How do you hire? Experienced or Potential?

I always struggle with company’s low budget with hiring the right candidate - Experience vs Potential?
Experienced people cost too much.
Folks with potential just don’t have the right experience in the industry or the job.
I’ve seen experienced people coming and performing immediately but we almost got lucky with them.
How do you handle that?


If you can’t pay and your vision isn’t compelling to drive experienced, performant people, you have to commit to coaching.


Agree with @KaranTrivedi on this. I think it’s a matter of organizational design as well. If you are experienced people are convinced that their primary role is as technical / subject matter contributors, then you will always be short on the coaching resource. It’s hard work, but you need to get the experienced people to understand that the primary thing they should do is focus on coaching and training. If they can do that, you can fill out the bottom of your hiring pyramid. Part of this is organizational, part of this is personality. Ask pointed questions in the interview with the experienced hires (or your existing ones). Are you okay spending 80% of your week mentoring and growing new talent? That’s certainly what it will take.


If you think of hiring as another sales/biz-dev exercise…


+1 to what @AhmadBashir is saying.

I come from a marketing background and a little investment into ‘company brand’ goes a long way into getting talented staff to agree to work for you even if the pay/benefits might not quite be there.

Could be as simple as a well designed ‘careers’ page that shows the team and why it’s so great to work for you, getting a few current happy employees to leave reviews on Glassdoor, applying for one of these ‘best workplaces awards’ (most of them are pay-to-play).

I’ve had a ton of luck with encouraging staff to host meet-ups and work events like peer-to-peer groups. Tell them the company want to A) give them some work time to prepare (it’s only a couple of hours and you could get a great hire out of it) and B) a small budget for coffee, donuts, pizza (like $150 is usually all it takes to feed a 15-20 people group and way less expensive than a recruiter or a referral fee).

It’s more of a long-term effort but well worth it.


@Karan & @Michael, not everyone has learned to coach - how did you solve that?


@Natasha, It’s a bit of the professional version of nature vs. nurture for me. There are three buckets into which I would place people (potential coaches):

  1. Stern individual contributor. Is frustrated by coaching’s demands and often resents it.
  2. Half and half. Not a natural coach, but sees the benefits and could be taught.
  3. Natural coach. Always mentoring without an official ask.

#1 is not going to do it. If your team culture requires coaching at their seniority, then they may need to go. If you can segment, then these people are excellent for heads-down, high-risk projects.
#2 Needs your coaching. I see this a lot in junior developers that have a knack for the craft. They work fast, but they don’t mind getting the rest of the team to move that way. If their smart and introspective, they understand there are great career prospects for those that can instruct and delegate.
#3 Is a rare and excellent bird. They have a reverse problem. They will need help to coach more efficiently. These people will have disciples all over the place. Members of former teams, former interns, and tertiary colleagues will fill up their calendars to no end. If they are smart and introspective, they will work on creating efficiency here, but I’ve often seen this type as motivated by personal relationships, which are harder to add efficiency to (by definition). I would channel their skills into formal avenues for training. Also worth asking: who (of their disciples) is a natural coach? This kind of person tends to have a very good sense, and can pinpoint others within the organization that may be undervalued for this work.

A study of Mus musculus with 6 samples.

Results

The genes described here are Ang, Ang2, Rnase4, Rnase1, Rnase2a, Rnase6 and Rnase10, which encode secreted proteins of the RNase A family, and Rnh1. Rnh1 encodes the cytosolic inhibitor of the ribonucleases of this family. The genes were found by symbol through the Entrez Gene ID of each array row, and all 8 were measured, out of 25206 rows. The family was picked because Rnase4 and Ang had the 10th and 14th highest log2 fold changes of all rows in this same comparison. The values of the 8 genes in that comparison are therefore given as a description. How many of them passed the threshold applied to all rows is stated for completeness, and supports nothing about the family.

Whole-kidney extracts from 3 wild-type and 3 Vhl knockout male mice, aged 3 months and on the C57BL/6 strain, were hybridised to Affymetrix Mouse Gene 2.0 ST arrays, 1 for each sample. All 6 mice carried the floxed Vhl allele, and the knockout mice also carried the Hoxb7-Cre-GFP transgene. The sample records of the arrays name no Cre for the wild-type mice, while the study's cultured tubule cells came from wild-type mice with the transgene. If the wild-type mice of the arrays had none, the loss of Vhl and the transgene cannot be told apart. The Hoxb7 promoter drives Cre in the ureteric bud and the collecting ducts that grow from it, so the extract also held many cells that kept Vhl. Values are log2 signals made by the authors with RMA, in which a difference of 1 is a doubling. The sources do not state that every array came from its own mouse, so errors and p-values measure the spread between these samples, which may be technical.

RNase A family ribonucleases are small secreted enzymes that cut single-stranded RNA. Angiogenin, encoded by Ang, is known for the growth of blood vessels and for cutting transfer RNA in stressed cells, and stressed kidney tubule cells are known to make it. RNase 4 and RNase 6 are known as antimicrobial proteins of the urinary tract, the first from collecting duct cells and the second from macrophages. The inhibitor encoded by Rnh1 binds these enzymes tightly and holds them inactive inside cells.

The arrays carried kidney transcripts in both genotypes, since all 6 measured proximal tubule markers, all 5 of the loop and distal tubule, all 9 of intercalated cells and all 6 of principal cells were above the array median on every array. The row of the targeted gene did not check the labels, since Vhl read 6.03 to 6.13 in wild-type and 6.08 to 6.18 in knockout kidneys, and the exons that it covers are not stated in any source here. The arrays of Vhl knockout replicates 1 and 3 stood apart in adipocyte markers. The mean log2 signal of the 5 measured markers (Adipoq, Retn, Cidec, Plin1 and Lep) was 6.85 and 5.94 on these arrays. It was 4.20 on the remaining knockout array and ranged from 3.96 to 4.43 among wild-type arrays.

@MichaelYoffe, thanks for taking the time to explain. On the half-half - do you have any specific way how to get them there?


@Natasha, You may have just asked the hardest question in leadership :sunglasses:.
Can’t say that I’ve cracked the code on this one yet. I’ll probably be working on this one till the end. That said, here is what I know so far:
Understanding motivation is critical. Some of the worst leadership I have seen is where the leader is trying to inject their values into the subject without any regard for the subject’s interests in the matter. If you have charisma, it works for a period, but it ends with frustration on the part of the subject. There’s the old adage, “People don’t quit their jobs they quit their boss.” Keep an ear to what people say on that day they leave, they will often complain about the fact that they enforced on acted on a value system they did not share.
So what kind of motivations could a subject have in regard to coaching. Some sample ideas:
Ambitious: Wants to get promoted grow in the organization.
Productive: Wants to do more and move faster.
Conscientious: Sense of duty, amiable, service-oriented.
In my experience, most people are a mix of the list. There should be a dominant motivation though. If you can find that and speak to it, it’s your best lever.
One note on #1, this only works if you have a company structure that incentivizes and rewards this behavior. I have been part of organizations where it is acknowledged, but probably not rewarded as I would hope. Personal opinion, but I tend to find that organizations in the habit of rewarding “raw charisma” can be very poor at this. A good example would be sales organizations. The “big closer” is not likely to be the one very focused on coaching and mentoring. Time spent on this is time not spent with customers, and needs to be compensated in another manner.


@Michael, Thanks again for explaining.